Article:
STATUS: Super busy. It’s 8 p.m. and I’m thinking I can’t skip blogging today. I’ve never missed!
What song is playing on the iPod right now? HERE COMES MY GIRL by Tom Petty & the Heartbreakers
Back by popular demand (or I didn’t title my blog posts well and previous rants are difficult to find).
I mentioned yesterday that I gave a presentation on the top ten things I’d rather not see in the opening chapters of your SF, Fantasy, and paranormal romance (because that sort of fits and I needed 10 things to make a nice round number).
Notice I gave this rant a handy title.
Here’s my ten list and they aren’t any particular order. Most of these will be quite familiar to my regular blog readers.
1. Characters inexplicably getting sucked into a portal for no apparent reason
This is mostly a YA fantasy device and yes, I realize there is long tradition of portals into other worlds in young adult fiction (Chronicles of Narnia and all that).
All I’m saying is that portal needs to be really necessary and not just an excuse to transport characters into another world so you can now finally tell your story
2. A person gathering herbs in the forest
Honestly, it can’t happen as frequent as I seem to see it in opening chapters.
3. A battle scene.
Goodness, let me get attached to some characters before you start whacking them. Seriously, there’s no connection to the world, characters, etc. Without it, it’s impossible for me to know who to care about.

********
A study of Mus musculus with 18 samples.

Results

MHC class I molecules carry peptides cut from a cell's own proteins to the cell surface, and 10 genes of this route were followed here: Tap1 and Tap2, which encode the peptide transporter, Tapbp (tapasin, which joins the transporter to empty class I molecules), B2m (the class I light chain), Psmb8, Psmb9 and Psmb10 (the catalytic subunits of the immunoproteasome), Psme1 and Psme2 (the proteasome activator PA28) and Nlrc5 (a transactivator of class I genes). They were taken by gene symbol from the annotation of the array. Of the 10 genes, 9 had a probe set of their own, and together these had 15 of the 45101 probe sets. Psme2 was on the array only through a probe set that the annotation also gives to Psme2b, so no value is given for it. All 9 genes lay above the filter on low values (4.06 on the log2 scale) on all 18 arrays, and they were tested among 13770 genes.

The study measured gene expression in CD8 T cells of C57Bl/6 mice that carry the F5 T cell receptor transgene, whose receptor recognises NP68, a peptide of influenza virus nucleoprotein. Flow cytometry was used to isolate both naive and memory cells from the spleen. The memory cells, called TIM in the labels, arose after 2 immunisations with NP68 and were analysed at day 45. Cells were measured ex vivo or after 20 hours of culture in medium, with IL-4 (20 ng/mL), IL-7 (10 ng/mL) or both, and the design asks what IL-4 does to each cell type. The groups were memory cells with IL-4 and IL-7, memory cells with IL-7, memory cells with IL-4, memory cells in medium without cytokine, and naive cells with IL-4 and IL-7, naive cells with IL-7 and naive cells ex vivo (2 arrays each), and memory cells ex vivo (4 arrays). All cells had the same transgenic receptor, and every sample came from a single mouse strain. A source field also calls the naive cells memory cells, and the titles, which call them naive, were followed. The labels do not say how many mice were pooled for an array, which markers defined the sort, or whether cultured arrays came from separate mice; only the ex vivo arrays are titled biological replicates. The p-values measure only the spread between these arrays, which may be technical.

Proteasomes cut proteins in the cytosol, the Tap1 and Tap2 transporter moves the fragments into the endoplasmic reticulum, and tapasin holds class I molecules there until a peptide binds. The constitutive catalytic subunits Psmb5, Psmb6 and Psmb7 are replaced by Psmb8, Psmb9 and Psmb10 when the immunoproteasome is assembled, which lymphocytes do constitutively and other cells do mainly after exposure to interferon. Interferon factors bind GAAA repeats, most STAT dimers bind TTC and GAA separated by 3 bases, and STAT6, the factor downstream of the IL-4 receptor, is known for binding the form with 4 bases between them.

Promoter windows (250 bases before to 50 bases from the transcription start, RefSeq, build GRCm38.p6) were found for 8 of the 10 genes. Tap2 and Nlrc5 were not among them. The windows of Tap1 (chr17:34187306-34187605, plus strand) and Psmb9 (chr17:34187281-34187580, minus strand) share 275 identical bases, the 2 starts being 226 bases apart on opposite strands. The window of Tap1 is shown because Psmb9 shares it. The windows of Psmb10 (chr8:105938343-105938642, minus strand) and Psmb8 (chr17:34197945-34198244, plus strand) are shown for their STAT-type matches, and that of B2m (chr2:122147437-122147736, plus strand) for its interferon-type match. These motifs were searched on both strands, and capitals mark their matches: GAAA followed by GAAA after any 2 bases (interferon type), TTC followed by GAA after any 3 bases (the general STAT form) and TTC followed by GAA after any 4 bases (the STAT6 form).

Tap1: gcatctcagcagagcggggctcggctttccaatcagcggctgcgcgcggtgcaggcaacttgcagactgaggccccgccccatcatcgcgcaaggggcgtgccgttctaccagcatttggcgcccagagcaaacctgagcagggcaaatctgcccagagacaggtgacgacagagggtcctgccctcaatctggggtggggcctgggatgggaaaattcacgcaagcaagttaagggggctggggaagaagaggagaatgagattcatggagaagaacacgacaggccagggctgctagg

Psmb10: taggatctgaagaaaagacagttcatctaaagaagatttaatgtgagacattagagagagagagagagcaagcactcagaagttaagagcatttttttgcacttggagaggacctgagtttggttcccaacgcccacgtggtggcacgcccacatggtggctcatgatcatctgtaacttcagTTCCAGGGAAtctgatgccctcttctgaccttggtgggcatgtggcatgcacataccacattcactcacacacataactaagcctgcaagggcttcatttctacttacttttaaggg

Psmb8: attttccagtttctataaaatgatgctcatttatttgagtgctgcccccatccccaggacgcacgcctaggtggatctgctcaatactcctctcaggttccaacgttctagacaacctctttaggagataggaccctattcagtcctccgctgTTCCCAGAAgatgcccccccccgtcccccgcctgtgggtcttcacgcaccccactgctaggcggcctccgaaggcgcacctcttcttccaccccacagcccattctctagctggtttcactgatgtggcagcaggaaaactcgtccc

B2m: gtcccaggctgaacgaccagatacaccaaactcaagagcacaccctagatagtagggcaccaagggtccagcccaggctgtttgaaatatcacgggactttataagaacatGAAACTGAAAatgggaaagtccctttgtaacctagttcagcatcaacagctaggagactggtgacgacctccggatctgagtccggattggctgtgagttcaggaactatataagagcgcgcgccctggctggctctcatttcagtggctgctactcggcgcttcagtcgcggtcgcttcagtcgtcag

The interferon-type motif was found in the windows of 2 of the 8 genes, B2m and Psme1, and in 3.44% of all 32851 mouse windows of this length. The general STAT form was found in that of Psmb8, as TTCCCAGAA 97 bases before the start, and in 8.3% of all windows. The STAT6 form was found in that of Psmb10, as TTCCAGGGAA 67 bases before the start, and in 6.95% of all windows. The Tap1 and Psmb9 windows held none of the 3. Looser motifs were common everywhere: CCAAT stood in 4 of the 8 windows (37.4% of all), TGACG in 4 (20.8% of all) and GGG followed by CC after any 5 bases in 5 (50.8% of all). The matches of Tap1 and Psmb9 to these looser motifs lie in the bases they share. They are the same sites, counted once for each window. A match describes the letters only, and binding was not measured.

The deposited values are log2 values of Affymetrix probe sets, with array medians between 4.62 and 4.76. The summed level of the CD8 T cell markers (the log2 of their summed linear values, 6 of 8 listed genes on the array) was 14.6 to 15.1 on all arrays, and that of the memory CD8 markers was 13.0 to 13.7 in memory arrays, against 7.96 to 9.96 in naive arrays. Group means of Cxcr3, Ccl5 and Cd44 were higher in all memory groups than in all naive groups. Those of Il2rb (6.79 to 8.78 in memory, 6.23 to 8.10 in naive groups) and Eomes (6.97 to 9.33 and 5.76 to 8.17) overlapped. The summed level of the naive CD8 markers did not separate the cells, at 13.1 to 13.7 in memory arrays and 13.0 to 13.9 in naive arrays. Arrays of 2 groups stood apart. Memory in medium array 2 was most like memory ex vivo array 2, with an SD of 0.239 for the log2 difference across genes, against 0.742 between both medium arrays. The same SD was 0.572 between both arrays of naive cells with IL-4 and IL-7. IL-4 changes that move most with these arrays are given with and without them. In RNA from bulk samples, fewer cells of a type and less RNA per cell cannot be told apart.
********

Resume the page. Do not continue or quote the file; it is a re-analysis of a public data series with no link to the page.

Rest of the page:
4. A prologue.
I’ve been doing this for four years (granted—not a long time) but I have yet to see a well-done prologue in sample pages I’ve received. Even if you have one, for goodness sake, don’t send it as part of your sample. If I offer representation because I love your work, then you can spring it on me.
5. A distant third person narrative to start (ie. The boy, the old man, the healer)
Once again, hard to feel connection to a story that’s about to unfold when this is used.
6. Clumsy incorporating of back story in your dialogue (see handy example)
Character 1: I must find the elusive stone of magic (of death, of life, insert appropriate fantasy element here).
Character 2: Yes, my Queen, it is imperative we find it but you also need to remember to collect the six other crystals/stones/talismans for without it, you will not have the power of the XYZ and will be unable to rule your domain.
Ah, if she’s the Queen, wouldn’t she know all this? This dialogue is obviously for the reader’s benefit and not because it’s necessary to the story unfolding.
7. Launching your narrative via a dream sequence
I see this a lot in paranormal romance (but it can still apply to SF & F). It’s a cheap trick. Reader gets invested and then the character “wakes up.” Ugh. It’s such a let down.
8. Heroine waking up alone with a man in her room
This seems to be another popular theme in paranormal romance. This is not sexy. Any woman with a lick of sense would be terrified if this really happened. Hard to move the story forward from there.
9. Tired SF or Fantasy staples: i.e.: quest for a magical artifact, typical characters (dwarf, elf, the warrioress who doesn’t know she has magical powers), a modern woman who is really the savior on an alternate world.
10. Starting your cover letter for your sample pages with: this is a 250,000 word manuscript…
Guaranteed to send me running while screaming.
Now remember, this is just one agent’s opinion.